UPDATED: Supervalu considers W. Newell & Co. changes - The Packer

UPDATED: Supervalu considers W. Newell & Co. changes

10/22/2009 12:45:00 PM
Ashley Bentley

(UPDATED COVERAGE, Oct. 23) W. Newell & Co., the fresh produce wholesale distribution company launched by Supervalu in 2005, is being realigned with one of the company’s regions, eliminating the role of W. Newell’s chief operating officer Gary Gionnette and possibly scrapping its standalone model.

Whether W. Newell will continue to operate as a subsidiary of Supervalu, keep its own sales and service staff and maintain its autonomy has not been determined.

“We’re still looking at organizational structures,” said Rebekah Fawcett, supply chain communications manager for Eden Prairie, Minn.-based Supervalu. “Are we going to scrap this model or are we going to build this model? It’s too early to say.”

By the end of the company’s fiscal year, in February, W. Newell should be completely aligned with Supervalu’s Midwest-Southeast region, which handles distribution centers from Wisconsin and Illinois down to Alabama, Georgia, Mississippi and Florida, similar to W. Newell’s primary distribution range.

“We just decided it made more sense to realign with our wholesale region,” Fawcett said.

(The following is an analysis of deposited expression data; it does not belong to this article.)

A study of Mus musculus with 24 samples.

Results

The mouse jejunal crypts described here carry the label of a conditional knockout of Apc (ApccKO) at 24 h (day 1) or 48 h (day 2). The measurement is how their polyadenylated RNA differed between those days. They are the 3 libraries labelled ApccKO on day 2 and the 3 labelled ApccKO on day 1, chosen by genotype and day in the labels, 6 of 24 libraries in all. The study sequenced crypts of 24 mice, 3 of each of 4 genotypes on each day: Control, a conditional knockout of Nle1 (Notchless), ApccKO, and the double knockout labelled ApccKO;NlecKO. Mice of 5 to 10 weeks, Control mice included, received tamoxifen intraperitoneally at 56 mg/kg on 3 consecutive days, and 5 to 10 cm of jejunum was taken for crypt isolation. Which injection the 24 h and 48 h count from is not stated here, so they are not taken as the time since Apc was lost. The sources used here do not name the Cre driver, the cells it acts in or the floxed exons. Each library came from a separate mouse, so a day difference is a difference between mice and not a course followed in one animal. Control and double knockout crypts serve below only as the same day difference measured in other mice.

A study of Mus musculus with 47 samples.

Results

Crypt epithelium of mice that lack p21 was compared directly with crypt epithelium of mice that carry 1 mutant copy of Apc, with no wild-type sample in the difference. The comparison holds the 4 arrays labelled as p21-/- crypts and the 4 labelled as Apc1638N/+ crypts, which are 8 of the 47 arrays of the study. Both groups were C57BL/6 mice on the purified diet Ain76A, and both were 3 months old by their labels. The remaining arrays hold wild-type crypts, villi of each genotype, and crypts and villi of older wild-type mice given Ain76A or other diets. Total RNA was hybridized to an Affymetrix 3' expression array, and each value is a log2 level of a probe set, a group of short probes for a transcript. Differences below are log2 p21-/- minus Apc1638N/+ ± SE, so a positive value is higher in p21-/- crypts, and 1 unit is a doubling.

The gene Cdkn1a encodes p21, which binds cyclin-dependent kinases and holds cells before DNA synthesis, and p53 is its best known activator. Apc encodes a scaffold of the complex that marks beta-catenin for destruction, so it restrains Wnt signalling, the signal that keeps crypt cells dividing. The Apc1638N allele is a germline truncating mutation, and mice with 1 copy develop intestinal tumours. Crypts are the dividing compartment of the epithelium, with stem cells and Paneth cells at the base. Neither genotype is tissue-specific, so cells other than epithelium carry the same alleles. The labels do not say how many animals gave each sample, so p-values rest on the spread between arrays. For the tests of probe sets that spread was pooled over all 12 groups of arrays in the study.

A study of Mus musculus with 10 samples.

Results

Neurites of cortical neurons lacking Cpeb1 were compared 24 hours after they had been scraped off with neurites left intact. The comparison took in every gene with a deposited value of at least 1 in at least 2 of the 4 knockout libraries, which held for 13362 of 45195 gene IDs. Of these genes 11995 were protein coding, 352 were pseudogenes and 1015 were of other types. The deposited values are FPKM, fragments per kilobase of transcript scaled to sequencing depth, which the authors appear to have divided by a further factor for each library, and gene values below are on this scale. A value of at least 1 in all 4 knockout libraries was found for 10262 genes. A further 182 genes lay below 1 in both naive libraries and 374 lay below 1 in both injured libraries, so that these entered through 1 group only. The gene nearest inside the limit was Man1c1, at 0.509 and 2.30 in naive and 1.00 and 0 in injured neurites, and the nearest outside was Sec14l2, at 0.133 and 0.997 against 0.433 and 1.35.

Howard Davidowitz, chairman of New York-based national retail consulting and investment banking firm Davidowitz & Associates, said the move reflects Supervalu’s attempt to keep afloat, as its sales have shrunk the last 18 months.

Both the state of the economy and its 2006 acquisition of Albertson’s, which brought with it a big chunk of debt, have wreaked havoc on Supervalu’s financials.

“The company has problems on a major scale,” Davidowitz said. “Its earnings are in a state of collapse, and its focus is really on its discount division.”

The company announced Oct. 20, in its second-quarter earnings report the plan to build 1,200 more Save-A-Lot stores, the company’s discount banner, in the next five years. Also new in the move is the plan to build stores even in markets where existing Supervalu banners have homes, which the company refrained from before.

Supervalu also plans to mix and match its other banners more than it ever has, Craig Herkert, Supervalu’s president and chief executive officer, said at the earnings report.

Supervalu’s second quarter earnings fell from $128 billion the same time last year to $74 million, a 42% drop.  Its net sales were $9.5 billion, compared with $10.2 billion in the second quarter of fiscal 2009.